The alleged 97 percent consensus among scientists on global warming does not seem to hold up in the land down under.
The Australian newspaper reported that the Geological Society of Australia has once again been unsuccessful in publishing a position statement on global warming that their members can agree on because of “divisions within its membership on the issue.”
Geological Society of Australia president Laurie Hutton said in a statement that global warming “had the potential to be too divisive and would not serve the best interests of the society as a whole.”
GSA’s backing away from taking a position on global warming has angered some members who say it’s an “embarrassment” that puts Australian scientists behind the international scientific community on the issue.
But this seems to fly in the face of claims made by politicians and environmentalists that nearly all scientists agree on global warming. It is often claimed that 97 percent of climate scientists agree that mankind is causing global warming.
The 97 percent claim, however, has been picked apart by independent analysts who examined the numbers in the study done by Aussie climate researcher John Cook of the University of Queensland.
Five climatologists published in the journal Science and Education last year found that Cook’s study misrepresented the views of most scientists surveyed. Only 41 out of the 11,944 published climate studies examined by Cook explicitly stated that mankind caused most of the warming since 1950 — meaning the actual consensus is 0.3 percent.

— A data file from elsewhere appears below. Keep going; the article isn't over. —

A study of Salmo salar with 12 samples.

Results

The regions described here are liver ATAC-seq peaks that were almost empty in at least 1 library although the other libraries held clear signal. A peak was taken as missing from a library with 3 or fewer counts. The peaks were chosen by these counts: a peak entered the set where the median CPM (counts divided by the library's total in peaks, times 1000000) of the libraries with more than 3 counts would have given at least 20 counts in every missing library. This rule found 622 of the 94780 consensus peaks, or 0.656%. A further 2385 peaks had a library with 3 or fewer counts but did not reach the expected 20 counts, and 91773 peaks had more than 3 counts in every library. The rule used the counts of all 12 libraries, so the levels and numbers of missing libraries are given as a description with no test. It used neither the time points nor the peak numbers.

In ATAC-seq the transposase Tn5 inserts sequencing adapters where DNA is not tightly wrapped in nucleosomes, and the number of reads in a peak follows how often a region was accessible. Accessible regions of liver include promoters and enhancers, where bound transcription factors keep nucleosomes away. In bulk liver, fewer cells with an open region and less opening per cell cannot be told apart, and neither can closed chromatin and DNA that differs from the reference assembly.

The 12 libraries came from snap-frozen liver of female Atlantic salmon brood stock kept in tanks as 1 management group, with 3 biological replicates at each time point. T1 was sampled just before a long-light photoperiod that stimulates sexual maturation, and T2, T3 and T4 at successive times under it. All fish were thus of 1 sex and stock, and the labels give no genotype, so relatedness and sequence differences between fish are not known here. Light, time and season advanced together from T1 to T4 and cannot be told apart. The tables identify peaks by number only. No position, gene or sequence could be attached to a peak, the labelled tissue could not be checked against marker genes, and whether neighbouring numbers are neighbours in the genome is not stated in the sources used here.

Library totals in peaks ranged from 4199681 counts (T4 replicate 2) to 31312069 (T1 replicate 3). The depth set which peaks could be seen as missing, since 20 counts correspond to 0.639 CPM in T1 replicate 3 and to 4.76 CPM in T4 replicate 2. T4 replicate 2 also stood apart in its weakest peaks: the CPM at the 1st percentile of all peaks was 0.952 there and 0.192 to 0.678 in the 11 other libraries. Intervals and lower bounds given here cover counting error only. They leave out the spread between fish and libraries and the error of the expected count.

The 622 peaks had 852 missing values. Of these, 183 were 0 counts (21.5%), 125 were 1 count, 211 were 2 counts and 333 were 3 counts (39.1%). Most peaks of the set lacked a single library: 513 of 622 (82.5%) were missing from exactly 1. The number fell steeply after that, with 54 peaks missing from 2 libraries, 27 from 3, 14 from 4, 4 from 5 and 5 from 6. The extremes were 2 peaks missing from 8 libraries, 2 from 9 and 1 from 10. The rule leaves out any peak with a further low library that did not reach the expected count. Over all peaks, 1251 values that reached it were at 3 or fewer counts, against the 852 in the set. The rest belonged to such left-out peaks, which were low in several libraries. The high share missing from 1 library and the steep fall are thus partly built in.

“It is astonishing that any journal could have published a paper claiming a 97% climate consensus when on the authors’ own analysis the true consensus was well below 1%,” said Dr. David Legates, a geology professor at the University of Delaware and the study’s lead author.
The GSA represents more than 2,000 Aussie scientists in academia, industry, government and research groups. The group will not be taking an official position on global warming, though their members all have different views on the topic.
“After a long and extensive and extended consultation with society members, the GSC executive committee has decided not to proceed with a climate change position statement,” Hutton said in a statement.
“As evidenced by recent letters to the editor … society members have diverse opinions on the human impact on climate change,” Hutton continued. “However, diversity of opinion can also be divisive, especially when such views are strongly held.”
“The executive committee has therefore concluded that a climate change position statement has the potential to be far too divisive and would not serve the best interests of the society as a whole,” Hutton said.